The Novel That Started A Shameful Movement
Occasionally a novel can have an unexpected influence that extends beyond its publication; such was the fate of AEW Mason’s most famous work.
Alfred Edward Woodley Mason was the creator of Inspector Hanaud, described as the first major fictional police detective of the 20th century. Hanaud was based on two real-life heads of the Sûreté and first appeared in a 1910 story, ‘At The Villa Rose’. He’s said to have helped shape Agatha Christie’s Hercule Poirot.
Mason briefly served as a Liberal Member of Parliament and later worked in naval intelligence, setting up counter-espionage networks. His Vanity Fair caricature portrayed him as a monocle-wearing Edwardian dandy, but those who remember him at all do so for the single novel that stands out from his other thirty-plus books.
The Four Feathers was a popular adventure novel written in 1902. Set against the backdrop of the Mahdist War, its hero Harry Faversham quits the army just before his regiment heads for the Sudan.
As a consequence he receives four white feathers, public marks of cowardice, including one white ostrich feather from his mortified fiancée. To redeem himself Faversham dons an Arabic disguise and saves his friends’ lives, winning back his girl.
The book is packed with colour, incident and an abundance of sub-plots, and has been filmed at least seven times, the most rousing version being the one made in 1939 by Zoltan Korda.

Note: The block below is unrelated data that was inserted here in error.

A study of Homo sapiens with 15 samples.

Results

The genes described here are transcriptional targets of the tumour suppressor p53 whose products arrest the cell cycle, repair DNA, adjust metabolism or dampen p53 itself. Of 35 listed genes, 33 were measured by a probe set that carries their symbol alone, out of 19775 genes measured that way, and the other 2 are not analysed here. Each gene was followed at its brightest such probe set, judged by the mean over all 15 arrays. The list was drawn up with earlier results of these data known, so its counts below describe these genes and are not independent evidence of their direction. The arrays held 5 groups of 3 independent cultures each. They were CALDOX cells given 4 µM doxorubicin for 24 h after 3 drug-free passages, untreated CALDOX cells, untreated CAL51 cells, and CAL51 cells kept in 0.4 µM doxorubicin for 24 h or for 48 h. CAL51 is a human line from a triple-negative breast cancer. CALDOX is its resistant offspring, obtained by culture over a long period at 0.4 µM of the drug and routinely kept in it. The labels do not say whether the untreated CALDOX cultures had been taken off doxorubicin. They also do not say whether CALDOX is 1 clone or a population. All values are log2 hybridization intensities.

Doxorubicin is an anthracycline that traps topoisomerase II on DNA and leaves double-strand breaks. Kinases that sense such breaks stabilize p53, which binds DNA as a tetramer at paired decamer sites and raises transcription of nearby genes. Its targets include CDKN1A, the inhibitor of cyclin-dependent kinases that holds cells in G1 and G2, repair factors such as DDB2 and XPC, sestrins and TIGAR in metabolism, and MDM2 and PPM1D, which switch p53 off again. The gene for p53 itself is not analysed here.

But twelve years after it was written the book’s continuing popularity gave it a darker influence.
In the autumn of 1914, self-righteous women all over the country began handing out white feathers to men who failed to enlist and wear the King’s uniform. The Order of the White Feather had been founded in August by Admiral Charles Fitzgerald, after Mason had popularised the idea.
Soon roving bands of militant females became part of the government’s propaganda campaign to encourage enlistment, but in doing so they also targeted the disabled, shell-shocked and wounded, or those who were ineligible to fight because of advanced age and infirmity.
The campaign was initially taken up with great fervour across the nation but ultimately backfired, as many men were compelled to sign up out of fear and subsequently suffered cruel unnecessary deaths.
The government attempted to distance itself from the White Feather movement but by this time it had come to mean that a man who would not fight was effeminate. Mason’s most patriotic adventure passed into history – possibly for the wrong reasons.